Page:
My relationship with Instagram is a world away from how I used it back in 2012.
In those days, it was purely as a photo editing tool (can anyone tell me why Instagram hasn’t removed the horrific filters, the ones with the analog frames?) When the algorithm wasn’t as sharp and the followers were few and far between, I posted freely, sharing the things I wanted to share. I felt I was at the peak of my creativity.
Today, my Instagram is like a business card and a dating app profile, a vignette into my life.
The way I see it, this is the primary way for the majority of my networks to understand who I am, what I do, and the things I care about. On the one hand, I’m not afraid to admit it’s highly curated and I’m proud of what I’ve built. On the other hand, I would be lying if I don’t think about how to maintain and gain followers, likes, and comments every time I post, which has only grown as I’ve met more people and accumulated more followers over the years. I’ll never wait in line to take a picture with a graffiti wall, visit an Instagram Museum, or pause a dinner to capture the meal, but I am more particular than most about what my page and my posts reveal about me. Like figuring out how to game the system, I can’t help but ask myself, “What time should I post?,” “How well did this post do?,” or “Does this look good in my feed?” Unfortunately, as a result of the performative role Instagram now plays for me, I feel less inspired, less authentic. Sometimes, I get so frustrated I will deactivate for weeks.
Last week, I came across a Kickstarter from a Polish start-up for “Mudita Pure: Your Minimalist Phone,” intended to replace the present-day smartphone. It’s truly a no-frills product: through its 2.84” e-ink screen (think Amazon Kindle), its only functions are calling, texting, notes, calendar, clock, flash light, and mp3 player. The company’s mission is to “take away the pressures of social media and our always-online attitude… by stripping back unnecessary tech elements of everyday products to focus on living our lives offline.” I was shocked. Is this really the answer to mental wellbeing? Have we really become so devoid of our own agency that we need to create entirely new products?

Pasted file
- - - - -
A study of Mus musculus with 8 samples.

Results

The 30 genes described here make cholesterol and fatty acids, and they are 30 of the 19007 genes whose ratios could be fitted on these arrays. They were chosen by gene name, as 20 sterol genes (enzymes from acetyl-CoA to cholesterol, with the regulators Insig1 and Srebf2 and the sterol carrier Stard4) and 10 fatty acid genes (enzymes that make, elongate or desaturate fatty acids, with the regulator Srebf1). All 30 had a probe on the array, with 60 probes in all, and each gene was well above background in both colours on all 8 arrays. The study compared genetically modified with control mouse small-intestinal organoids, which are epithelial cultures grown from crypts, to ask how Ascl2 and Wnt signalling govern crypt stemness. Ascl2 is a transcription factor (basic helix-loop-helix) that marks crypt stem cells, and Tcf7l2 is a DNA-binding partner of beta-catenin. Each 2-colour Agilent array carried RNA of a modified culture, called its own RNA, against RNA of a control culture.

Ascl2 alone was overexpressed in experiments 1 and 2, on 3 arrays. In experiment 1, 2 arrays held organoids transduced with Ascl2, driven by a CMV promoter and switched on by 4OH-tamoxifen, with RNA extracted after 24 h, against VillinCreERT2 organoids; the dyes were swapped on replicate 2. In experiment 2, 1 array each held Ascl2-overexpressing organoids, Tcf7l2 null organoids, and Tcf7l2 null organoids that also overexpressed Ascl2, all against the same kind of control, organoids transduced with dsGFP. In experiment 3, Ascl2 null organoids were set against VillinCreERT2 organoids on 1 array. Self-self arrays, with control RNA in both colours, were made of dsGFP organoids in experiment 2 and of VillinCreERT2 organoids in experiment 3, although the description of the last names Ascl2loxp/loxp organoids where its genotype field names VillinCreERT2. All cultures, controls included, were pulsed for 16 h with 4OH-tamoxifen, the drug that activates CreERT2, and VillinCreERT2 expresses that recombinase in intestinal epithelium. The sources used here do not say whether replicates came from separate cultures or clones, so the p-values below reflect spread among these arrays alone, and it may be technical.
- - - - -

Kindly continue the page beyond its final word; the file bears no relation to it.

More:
It’s true that great things happen when we’re fully present—but I also believe Instagram is ultimately value-add for me.
As a digital growth consultant, I advise clients on the opportunities social media can unlock to grow their businesses. As a consumer, I’ve met so many people, seen so many things, and learned so much that I wouldn’t have been able to otherwise. I believe the key to sustainable social media consumption is about setting purposeful intentions.
In his latest book, “Digital Minimalism: Choosing a Focused Life in a Noisy World,” Cal Newport talks about how intentional digital consumption starts with recognizing the extent to which the digital stream has commandeered your attention—and how we can manipulate our behaviors for good. For example, to ensure the algorithm works in my favor, I’ve muted stories from people I don’t care about (please don’t take it personally) and swapped following influencers for creatives. In my settings, I’ve switched off push notifications and installed timers notifying me when I’ve reached my 30 minute daily limit. Some tips from my friends include turning their phones to black and white and sleeping without the phone in the bedroom. Even some companies, like Pattern Brands advertise that they only monitor the account six hours a week to limit consumer engagement. Recently, a full Sunday morning was spent working through this Medium article, “How to Configure Your iPhone to Work for You, Not Against You.” And, I swear, I feel lighter afterwards.
With great power comes great responsibility, and I believe these platforms should equip their users with functionalities that provide more customizable experiences (like the ability to toggle on and off “like” visibility), lest we delete our accounts and toss our smartphones altogether.
Being intentional and disciplined about my actions results in feeling more liberated, knowing I have the agency to make choices about my digital consumption habits—that I’m more than just a data point in a black box. A quote from Tyler Knott Gregson sums up my relationship with Instagram pretty well. It goes, “Promise me you will not spend so much time treading water and trying to keep your head above the waves that you forget, truly forget, how much you have always loved to swim.” While I don’t think I’ll ever fully delete Instagram, if ad investments and machine learning algorithms don’t slow down any time soon, you might catch me in the near future with a Mudita on the weekends in the open air, living life offline.